Big personality of festive circus star

STEPHEN PULLINGER A feeling of wonder changes to one of slight unease as Pityu poses in photographs to emphasise his 27in height: climbing a ladder to reach eye level with a dancing girl and standing in front of a Rolls-Royce at little more than bumper level.

STEPHEN PULLINGER

It is impossible to escape an initial feeling of wonder at seeing the face of a 42-year-old man attached to the body of a small child.

The feeling changes to one of slight unease as he poses in photographs to emphasise his 27in height: climbing a ladder to reach eye level with a dancing girl and standing in front of a Rolls-Royce at little more than bumper level.

But concerns fade as clown Henri Ayala and other performers at Yarmouth's Hippodrome saunter up to Pityu (real name Istvan Toth) and shake his hand.

The interaction shows unequivocally that he is seen by his fellow artists as one of the tight-knit circus gang - certainly not part of some outmoded show.

Circus producer Peter Jay is quick to point out that Hungarian Pityu is a world-renowned performer with a range of skills from comedy to gymnastics, and even knife-throwing.


“His career has brought him economic success and a great life.”

Hungarian Pityu, who is known on his circus travels around the globe as “the world's smallest superstar”, is completely unperturbed by the prospect of 500 people staring at him in the ring.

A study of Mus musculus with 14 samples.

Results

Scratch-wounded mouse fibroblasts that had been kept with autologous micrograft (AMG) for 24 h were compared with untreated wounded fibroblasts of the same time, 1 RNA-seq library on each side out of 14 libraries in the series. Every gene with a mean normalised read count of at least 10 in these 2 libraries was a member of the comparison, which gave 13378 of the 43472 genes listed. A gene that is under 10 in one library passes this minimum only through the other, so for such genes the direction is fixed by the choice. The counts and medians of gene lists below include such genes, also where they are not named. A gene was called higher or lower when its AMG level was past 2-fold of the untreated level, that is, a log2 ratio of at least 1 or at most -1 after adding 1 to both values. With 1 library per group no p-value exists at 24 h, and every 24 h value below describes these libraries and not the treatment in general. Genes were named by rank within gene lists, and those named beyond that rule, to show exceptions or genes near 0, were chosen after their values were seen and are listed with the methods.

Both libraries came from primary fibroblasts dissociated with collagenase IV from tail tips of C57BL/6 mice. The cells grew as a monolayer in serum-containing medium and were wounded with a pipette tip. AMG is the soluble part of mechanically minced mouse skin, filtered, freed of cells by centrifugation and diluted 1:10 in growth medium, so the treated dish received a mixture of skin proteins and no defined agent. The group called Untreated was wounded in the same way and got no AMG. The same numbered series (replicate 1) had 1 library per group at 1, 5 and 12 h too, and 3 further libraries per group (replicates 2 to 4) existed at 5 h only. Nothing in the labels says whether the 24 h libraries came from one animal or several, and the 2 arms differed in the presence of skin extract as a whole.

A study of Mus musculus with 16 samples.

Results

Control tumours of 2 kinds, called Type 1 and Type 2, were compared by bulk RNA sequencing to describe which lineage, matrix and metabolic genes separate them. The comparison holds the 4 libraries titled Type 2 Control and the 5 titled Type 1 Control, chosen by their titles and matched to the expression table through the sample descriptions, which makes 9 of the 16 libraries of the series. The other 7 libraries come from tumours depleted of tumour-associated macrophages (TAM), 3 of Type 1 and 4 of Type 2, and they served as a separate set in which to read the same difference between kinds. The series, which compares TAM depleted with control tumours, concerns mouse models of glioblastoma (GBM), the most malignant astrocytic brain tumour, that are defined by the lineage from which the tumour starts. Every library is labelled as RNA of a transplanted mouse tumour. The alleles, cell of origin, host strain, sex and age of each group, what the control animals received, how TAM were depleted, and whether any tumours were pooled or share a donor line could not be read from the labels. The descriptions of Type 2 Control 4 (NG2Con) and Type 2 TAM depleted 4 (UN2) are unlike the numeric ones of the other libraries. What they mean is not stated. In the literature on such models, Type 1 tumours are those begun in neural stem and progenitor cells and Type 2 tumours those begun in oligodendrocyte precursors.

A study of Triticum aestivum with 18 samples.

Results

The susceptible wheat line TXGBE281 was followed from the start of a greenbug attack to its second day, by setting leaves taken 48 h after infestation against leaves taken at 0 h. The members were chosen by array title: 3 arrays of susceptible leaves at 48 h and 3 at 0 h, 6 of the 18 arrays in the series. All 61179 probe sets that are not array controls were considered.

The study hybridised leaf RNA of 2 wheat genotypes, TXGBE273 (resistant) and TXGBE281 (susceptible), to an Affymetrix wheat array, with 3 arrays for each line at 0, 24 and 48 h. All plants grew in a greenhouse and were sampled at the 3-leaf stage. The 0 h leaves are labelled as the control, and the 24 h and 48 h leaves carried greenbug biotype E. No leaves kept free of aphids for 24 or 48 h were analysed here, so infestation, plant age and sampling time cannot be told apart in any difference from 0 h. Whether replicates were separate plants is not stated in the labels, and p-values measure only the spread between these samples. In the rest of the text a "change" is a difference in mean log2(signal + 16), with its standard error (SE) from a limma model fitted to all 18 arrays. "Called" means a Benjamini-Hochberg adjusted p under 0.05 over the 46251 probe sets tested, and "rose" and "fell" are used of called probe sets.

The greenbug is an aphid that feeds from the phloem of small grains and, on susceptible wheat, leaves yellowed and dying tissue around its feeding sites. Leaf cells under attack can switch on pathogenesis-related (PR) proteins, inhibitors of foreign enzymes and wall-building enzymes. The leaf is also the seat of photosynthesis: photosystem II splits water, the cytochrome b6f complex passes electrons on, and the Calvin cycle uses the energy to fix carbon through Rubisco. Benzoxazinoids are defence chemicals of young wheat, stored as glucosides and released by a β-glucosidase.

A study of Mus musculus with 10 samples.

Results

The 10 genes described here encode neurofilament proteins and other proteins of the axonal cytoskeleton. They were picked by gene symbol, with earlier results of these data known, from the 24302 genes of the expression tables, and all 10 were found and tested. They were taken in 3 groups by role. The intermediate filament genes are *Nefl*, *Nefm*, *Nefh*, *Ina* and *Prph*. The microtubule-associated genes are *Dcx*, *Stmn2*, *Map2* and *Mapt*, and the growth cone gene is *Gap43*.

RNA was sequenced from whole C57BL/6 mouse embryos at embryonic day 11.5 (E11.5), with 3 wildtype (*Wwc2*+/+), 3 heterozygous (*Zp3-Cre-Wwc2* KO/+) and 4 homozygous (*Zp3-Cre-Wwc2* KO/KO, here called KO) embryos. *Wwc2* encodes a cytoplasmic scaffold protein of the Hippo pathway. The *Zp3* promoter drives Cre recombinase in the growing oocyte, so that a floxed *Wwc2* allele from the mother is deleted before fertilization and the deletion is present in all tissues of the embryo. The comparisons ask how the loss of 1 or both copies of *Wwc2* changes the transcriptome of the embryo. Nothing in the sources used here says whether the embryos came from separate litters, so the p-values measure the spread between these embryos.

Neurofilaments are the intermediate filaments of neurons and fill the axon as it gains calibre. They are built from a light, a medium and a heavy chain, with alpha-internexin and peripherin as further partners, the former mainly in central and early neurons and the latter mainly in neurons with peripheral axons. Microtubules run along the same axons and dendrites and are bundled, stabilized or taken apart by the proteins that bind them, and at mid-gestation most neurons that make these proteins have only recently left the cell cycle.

“It is no problem. This is my life,” he shrugs.

“When I go shopping and arrive at the supermarket driving my big Audi 90 people can't believe it when I get out.”

In fact it is a normal car, only with a small seat and extended pedals.

Pityu, who stands just an inch and a half taller than the world's smallest man, Jordanian Younis Edwan, stresses that in many respects his life is normal.

He is married to normal-sized knife and dagger performer Andreea, and they have a teenage daughter.

But he acknowledges his size can pose some problems.

“It's difficult getting clothes because I have to have everything handmade,” he said.

“Child sizes are no good because my shoulders are too broad.”

He is proud to be the fourth generation of a circus family, born with a genetic disorder responsible for their stature.

His father and grandfather were stars in the Budapest Lilliputian Theatre and introduced him to circus when he was just three.

Pityu, who immediately wins you over with his smile and big personality, reflected that he was a “very happy person”.

And he said he was close to finishing an autobiography, chronicling his “very rich” life.

Other stars appearing with Pityu at the Jays' Christmas circus include one of the world's greatest high wire acts, the Ayalas, from Venezuela and Mongolian acrobats, the Ganbat Troupe. The Estelle Clifton dancers and Jan Baines show swimmers will feature in a special jungle finale. To book seats for the show, which runs from December 16 to January 8, call 01493 844172.